1970. Kent State University. Four students are shot dead by police, and mayhem breaks out on campuses across the nation, including Syracuse University College of Law, where, amidst the chaos, a quiet young man named Carl Paladino stepped in to free the school's chancellor after he'd been taken hostage by a faction of student radicals who had occupied the administration building:
According to Paladino, the students wouldn’t let SU Chancellor John Corbally out of the building.
“When the riots came, I was the one who negotiated for Chief Sardino to take the place of the chancellor, who the students had locked down in the administration building...,” he said. “Sardino had the idea that he would come up and they would let the chancellor leave and take him as their hostage, if you wanted to call it. ... So when Sardino came up with this idea I negotiated with these guys, who agreed to let the chancellor go and take Sardino in his place ...
“Sardino asked me if I would do it, and I said sure. So I went out and found them and I said, you know, ‘Take the police commissioner and let the chancellor go home. The guy’s got to take a shower, I mean for God sakes ...’ So they said, ‘Yeah, OK’.”
An early glimpse of the coolheaded leadership skills of the possible future governor of New York, no doubt. But nobody else remembers it happening. Nobody even remembers the chancellor being held hostage.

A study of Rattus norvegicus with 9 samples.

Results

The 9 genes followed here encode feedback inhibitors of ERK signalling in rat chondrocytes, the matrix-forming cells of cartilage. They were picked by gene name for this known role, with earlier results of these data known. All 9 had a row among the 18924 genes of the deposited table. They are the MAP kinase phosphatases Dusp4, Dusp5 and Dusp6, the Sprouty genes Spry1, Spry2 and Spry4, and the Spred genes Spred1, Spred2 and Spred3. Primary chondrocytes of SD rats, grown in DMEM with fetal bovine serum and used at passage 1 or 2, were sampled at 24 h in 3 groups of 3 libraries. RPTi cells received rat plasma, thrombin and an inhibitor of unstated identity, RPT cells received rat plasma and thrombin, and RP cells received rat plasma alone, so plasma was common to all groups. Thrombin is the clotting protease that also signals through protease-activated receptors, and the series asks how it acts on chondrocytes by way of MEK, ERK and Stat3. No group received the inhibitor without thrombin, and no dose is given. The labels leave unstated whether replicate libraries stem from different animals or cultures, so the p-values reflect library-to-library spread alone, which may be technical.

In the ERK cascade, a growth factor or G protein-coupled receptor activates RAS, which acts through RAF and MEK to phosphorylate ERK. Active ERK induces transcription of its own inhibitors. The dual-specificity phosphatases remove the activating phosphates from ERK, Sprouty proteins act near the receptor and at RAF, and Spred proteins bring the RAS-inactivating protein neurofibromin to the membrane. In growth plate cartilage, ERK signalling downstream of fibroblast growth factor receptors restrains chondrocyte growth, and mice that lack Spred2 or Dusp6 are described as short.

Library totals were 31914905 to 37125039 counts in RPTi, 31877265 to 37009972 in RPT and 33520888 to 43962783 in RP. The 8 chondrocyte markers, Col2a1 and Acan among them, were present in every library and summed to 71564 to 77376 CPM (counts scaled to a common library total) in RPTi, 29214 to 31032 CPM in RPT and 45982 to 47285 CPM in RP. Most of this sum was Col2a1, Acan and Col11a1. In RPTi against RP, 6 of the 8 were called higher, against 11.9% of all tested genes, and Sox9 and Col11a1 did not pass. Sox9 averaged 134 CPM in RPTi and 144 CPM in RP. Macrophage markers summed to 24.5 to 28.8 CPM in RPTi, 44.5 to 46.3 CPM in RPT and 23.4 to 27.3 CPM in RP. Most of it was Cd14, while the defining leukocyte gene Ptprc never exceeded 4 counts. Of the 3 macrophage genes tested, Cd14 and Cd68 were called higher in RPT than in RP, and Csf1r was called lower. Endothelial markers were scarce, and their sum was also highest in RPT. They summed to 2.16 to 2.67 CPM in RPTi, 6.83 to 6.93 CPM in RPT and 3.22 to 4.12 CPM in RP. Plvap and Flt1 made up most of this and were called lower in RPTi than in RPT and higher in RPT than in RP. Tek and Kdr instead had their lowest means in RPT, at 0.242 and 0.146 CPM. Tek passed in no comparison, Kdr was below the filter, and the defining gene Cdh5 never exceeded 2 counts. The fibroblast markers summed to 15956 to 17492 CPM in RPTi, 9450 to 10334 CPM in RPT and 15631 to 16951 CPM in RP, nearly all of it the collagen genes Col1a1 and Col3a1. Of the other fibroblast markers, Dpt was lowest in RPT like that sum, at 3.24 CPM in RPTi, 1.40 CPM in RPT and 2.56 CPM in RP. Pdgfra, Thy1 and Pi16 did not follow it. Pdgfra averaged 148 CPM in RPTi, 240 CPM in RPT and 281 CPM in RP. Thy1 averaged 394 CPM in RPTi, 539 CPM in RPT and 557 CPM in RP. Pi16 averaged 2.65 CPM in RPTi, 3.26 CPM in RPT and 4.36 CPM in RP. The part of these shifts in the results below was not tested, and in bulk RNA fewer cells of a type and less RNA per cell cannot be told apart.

David Bennett, an SU history professor who visited the administration building during the protest, scoffed at Paladino’s account.
“That’s completely wrong,” he said. “He’s either living in Cloud Cuckooland or, shall we say, his historical memory is clouded by whatever it is.”
Bennett said no one was held hostage during the protests. That is confirmed by several others who were there and by news accounts from the time.
According to a Post-Standard report from May 8, 1970, Corbally wasn’t in the building when the students entered and demanded to see him. He arrived about 15 minutes later and entered the building with Sardino. The two emerged two hours later. Corbally left and set up a temporary office elsewhere. Sardino went back into the building and spent the night talking with the protesters. His presence in the building was completely voluntary, said John A. Beach, an attorney for the university at the time who was working closely with Sardino. The protest ended peacefully the next day.
Nevertheless, Paladino's spokesman "said Paladino stood by his assertions." Presumably, he will release the evidence corroborating his version of events at the "appropriate time."